Thieves have moved from robbery and burglaries in the real world into online world. Over the last several years, the FBI reports crimes like property crimes, burglaries, and robberies have deceased, but identity theft has increased by 16% in 2016 compared to just 2015.
While identity theft isn’t as frightening as physical crimes, having your identity stolen is still an invasive crime. It can leave you feeling vulnerable and violated. Especially when the identity theft goes undetected for some time.
One of the most common types of identity crime is new account fraud. In new account fraud, a criminal who purchased your information on the deep web applies for and receives a loan in your name. According to the Javelin survey, new account fraud doubled from 2014 to 2015.
What information makes identity theft possible?
Personally Identifiable Information, or PII, is the official term for information, in both the public and private domain, that describes and identifies you, especially in business transactions.
The following are examples of PII:
- Full legal name
- Home address
- E-mail address(es)
- Passport number
- Date of birth
- Social Security Number (SSN)
- Driver’s license number
- Medical records
- Username and password combinations
- Military credentials
- Insurance information
- Credit card numbers
- Bank account information
How quickly can PII be used?
In 2017, the FTC performed an experiment to see how quickly criminals could use available PII. The FTC generated fictitious PII and posted it on a website on the deep web.
The outcome was startling: the criminals took only nine minutes to attempt to use the information. Overall, more than 1,200 attempts were made to access the e-mail, payment, and credit card accounts during the experiment.
This experiment shows PII is a valuable commodity for thieves. If they are able to get their hands on it, they will be sure to use it.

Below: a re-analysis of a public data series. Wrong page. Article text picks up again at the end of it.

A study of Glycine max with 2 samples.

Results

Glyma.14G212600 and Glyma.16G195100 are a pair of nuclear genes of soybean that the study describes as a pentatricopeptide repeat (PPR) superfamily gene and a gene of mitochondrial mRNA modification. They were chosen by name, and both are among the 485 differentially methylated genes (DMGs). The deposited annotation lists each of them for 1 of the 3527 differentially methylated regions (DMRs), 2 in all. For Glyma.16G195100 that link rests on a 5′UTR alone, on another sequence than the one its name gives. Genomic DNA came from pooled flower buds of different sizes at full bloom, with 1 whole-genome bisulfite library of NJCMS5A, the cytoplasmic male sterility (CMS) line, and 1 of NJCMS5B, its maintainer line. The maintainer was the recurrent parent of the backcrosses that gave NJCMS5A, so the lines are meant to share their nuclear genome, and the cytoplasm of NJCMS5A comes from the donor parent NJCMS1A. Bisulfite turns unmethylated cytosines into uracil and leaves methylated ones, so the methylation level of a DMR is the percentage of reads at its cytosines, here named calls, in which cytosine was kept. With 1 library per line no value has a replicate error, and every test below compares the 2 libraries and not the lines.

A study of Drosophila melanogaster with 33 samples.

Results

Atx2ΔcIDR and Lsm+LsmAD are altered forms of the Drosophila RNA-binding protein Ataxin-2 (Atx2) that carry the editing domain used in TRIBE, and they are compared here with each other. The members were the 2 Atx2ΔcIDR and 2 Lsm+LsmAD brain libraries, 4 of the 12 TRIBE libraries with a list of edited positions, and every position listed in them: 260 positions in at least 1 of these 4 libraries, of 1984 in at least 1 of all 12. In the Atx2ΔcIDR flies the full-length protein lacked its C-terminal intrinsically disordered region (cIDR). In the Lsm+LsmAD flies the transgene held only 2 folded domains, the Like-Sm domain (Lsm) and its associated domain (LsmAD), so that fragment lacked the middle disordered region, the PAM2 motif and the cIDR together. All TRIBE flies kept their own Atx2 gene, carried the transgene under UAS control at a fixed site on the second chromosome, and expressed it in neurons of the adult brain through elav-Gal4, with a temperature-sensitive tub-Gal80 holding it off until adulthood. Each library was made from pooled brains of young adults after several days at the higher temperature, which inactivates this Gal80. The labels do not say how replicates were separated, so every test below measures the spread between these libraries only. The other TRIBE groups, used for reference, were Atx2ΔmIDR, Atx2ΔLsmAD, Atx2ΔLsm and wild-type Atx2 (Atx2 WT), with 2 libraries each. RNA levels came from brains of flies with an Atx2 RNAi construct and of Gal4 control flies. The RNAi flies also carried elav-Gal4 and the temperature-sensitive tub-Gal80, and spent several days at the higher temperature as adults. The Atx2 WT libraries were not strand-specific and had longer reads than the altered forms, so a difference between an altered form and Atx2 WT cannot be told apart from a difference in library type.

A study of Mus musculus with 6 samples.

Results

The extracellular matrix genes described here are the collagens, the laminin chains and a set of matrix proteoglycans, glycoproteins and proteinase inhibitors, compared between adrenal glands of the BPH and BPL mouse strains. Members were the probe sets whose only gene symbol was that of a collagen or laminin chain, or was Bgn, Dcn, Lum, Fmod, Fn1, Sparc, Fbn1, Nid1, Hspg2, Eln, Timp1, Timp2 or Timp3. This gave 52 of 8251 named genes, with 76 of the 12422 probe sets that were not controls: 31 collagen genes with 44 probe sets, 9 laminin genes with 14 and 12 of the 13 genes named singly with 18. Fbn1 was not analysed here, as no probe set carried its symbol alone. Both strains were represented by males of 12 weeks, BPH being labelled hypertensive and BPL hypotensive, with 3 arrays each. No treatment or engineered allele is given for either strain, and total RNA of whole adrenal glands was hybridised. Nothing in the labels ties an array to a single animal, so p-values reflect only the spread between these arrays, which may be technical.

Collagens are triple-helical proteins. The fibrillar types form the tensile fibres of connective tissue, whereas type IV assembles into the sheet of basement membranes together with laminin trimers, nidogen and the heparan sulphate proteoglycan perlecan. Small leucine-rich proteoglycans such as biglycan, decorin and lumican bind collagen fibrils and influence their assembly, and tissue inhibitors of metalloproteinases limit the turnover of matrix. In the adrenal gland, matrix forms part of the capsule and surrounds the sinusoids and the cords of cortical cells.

What can I do if I’m compromised?
If you suspect your information has been compromised or received an alert from us telling you it has been, you should take action immediately to protect yourself.
- If you suspect new account fraud, alert the holder of the debt (such as the bank issuing the loan).
- Report the theft to the credit bureaus and have them place a fraud alert on your credit file.
- If you are certain you have been compromised (e.g., you receive a WatchdogID notification), ask the credit bureaus to lock or freeze your credit report.
- Alert your bank to the theft.
- Begin checking for charges you don’t recognize on your bank and credit card statements.
- Consult local law enforcement to see if filing an incident report is necessary. (If the theft is apparent, you definitely need to file a report.)
What can I do before I’m compromised?
Your PII is valuable to you because, in essence, it is you. You can take steps now to protect yourself and your PII from identity thieves.
- If available, sign up for fraud alerts from your bank or credit card company.
- Use tools like Mint to aggregate and monitor your transactions.
- Use credit report monitoring tools like Credit Karma to monitor your credit reports.
- Have WatchdogID constantly monitor for your PII on places like the dark web.